Family-Directed Cord Blood Banking for Sickle Cell Disease: A 20-Year Experience on Behalf of Eurocord-Monacord and the International Sickle Cell Disease Observatory - European Medical Journal

Family-Directed Cord Blood Banking for Sickle Cell Disease: A 20-Year Experience on Behalf of Eurocord-Monacord and the International Sickle Cell Disease Observatory

2 Mins
*Hanadi Rafii,1,2 Françoise Bernaudin,3 Marina Cavazzana,4 Valérie Vanneaux,5 Audrey Cras,5 Valérie Gauthereau,6 Aurélie Stanislas,4 Hélène Rouard,7 Christèle Ferry,8 Chantal Kenzey,1,2 Barbara Cappelli,2 Annalisa Ruggeri,1,2 Mariane De Montalembert,9 Claire Rieux,10 Mathieu Kuentz,11 Robert Girot,12 Jérôme Larghero,5 Eliane Gluckman1,2
EMJ Hematol. ;4[1]:71-72. Abstract Review No. AR5.

Each article is made available under the terms of the Creative Commons Attribution-Non Commercial 4.0 License.


Cord blood transplantation (CBT) from a related family member is an effective therapy for patients with sickle cell disease (SCD) resulting in encouraging outcomes with similar or superior survival to adult donor transplant. Efforts to implement family-directed umbilical cord blood (UCB) banking have been developed in the past two decades for siblings requiring stem cell transplantation. Public UCB banks are faced with the challenge regarding the units to be stored, be discarded, or used for other endeavours such as research.


We report here our 20-year experience in family-directed UCB banking for SCD. The aim of the study is to review the characteristics of the UCB units collected between 1995 and 2014 and to evaluate their take-up rate.


Families were eligible if they had a child with SCD and were expecting the birth of a sibling. Participation was voluntary and free of charge. All mothers underwent a panel of serologic screening tests. UCB units were collected in remote sites. Collections were processed and stored in two public banks. UCB testing included viral serology, bacterial cultures, and cell counts. Human leukocyte antigen typing of the UCB was not routinely performed unless requested by the physician caring for the affected child.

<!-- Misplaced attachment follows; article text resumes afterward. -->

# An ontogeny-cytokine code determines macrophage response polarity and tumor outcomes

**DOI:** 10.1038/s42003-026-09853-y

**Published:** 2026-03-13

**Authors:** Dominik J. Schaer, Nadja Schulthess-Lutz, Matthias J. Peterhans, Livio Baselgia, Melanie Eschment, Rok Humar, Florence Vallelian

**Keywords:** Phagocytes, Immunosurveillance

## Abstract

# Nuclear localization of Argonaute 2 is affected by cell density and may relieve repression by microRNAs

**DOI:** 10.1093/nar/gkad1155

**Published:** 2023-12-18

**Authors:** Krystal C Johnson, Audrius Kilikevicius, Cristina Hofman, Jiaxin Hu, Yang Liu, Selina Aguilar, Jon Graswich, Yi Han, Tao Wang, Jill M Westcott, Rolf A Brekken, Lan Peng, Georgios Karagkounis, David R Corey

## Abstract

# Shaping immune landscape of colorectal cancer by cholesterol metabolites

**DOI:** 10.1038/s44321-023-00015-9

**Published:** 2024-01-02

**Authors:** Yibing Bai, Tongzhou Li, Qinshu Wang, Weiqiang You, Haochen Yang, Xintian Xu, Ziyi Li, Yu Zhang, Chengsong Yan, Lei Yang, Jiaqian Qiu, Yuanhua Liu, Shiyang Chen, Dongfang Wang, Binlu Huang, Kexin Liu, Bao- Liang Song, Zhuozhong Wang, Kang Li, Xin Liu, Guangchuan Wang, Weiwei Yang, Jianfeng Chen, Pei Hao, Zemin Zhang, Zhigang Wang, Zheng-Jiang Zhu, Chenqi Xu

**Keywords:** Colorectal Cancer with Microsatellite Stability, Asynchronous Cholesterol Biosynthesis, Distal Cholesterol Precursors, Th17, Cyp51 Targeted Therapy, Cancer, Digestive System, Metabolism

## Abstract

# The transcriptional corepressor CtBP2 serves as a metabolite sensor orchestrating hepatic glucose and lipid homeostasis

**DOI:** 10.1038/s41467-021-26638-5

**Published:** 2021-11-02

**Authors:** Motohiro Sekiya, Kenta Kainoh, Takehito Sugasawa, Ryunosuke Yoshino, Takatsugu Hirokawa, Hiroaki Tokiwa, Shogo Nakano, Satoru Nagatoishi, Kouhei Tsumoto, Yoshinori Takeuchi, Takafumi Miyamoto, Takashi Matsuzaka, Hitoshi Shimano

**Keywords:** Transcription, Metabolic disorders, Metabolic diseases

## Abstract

A total of 338 directed UCB units were collected and stored for 302 families, including 4 mothers with twins and 28 with two to three births. All collections were for an existing affected sibling. Potential recipients had a median age of 6 years (range: 11 months–15 years) at time of UCB harvest. Fifteen families (5%) had more than one affected child.

All UCBs were negative for human immunodeficiency virus and 64 UCBs (30%) had positive hepatitis B surface antigen and/or anti- hepatitis B core antigen with negative hepatitis B surface antigen. Median UCB volume at cryopreservation was 91 mL (range: 23–196) with a unit volume lower than 40 mL in only 9% of the cases (29 units). Median total nucleated cell count at cryopreservation was 8.6×108 (range: 0.7–75×108). The median collected CD34+ and colony forming units of granulocytes-monocytes colonies cell counts were 2.5×106 (range: 0.14–61×106) and 3.4×105 (range: 0.15–63×105), respectively.

The haemoglobin status of the UCB units was assessed through the neonatal screening. Data were available for 298 UCBs (88%), including 105 (31%) haemoglobin AA, 152 (45%) haemoglobin AS, 36 (11%) haemoglobin SS, and 5 (<1%) other types of abnormal haemoglobin.

Out of 338 banked UCB units 28 were released for CBT either alone (n=24) or in combination with the bone marrow of the same donor (CBT + bone marrow transplant, n=4), reflecting a utilisation rate of 8% over 20 years. Infused cells had a median total nucleated cell count of 3.7×108 (range: 0.2–10.4×108) and median CD34+ of 1.7×106 (range: 0.2–38.4×106). Post-transplant data was available for 25 patients: all of them have stable engraftment of donor cells and are alive, free of SCD.


Our data showed that family-directed UCB banking is feasible and yields good quality cord blood units for sibling transplantation. However, the number of CBTs performed is disappointing despite the good results of sibling transplantation in SCD. Therefore, one must think about the cost-effectiveness of this approach when a human leukocyte antigen identical sibling donor is available.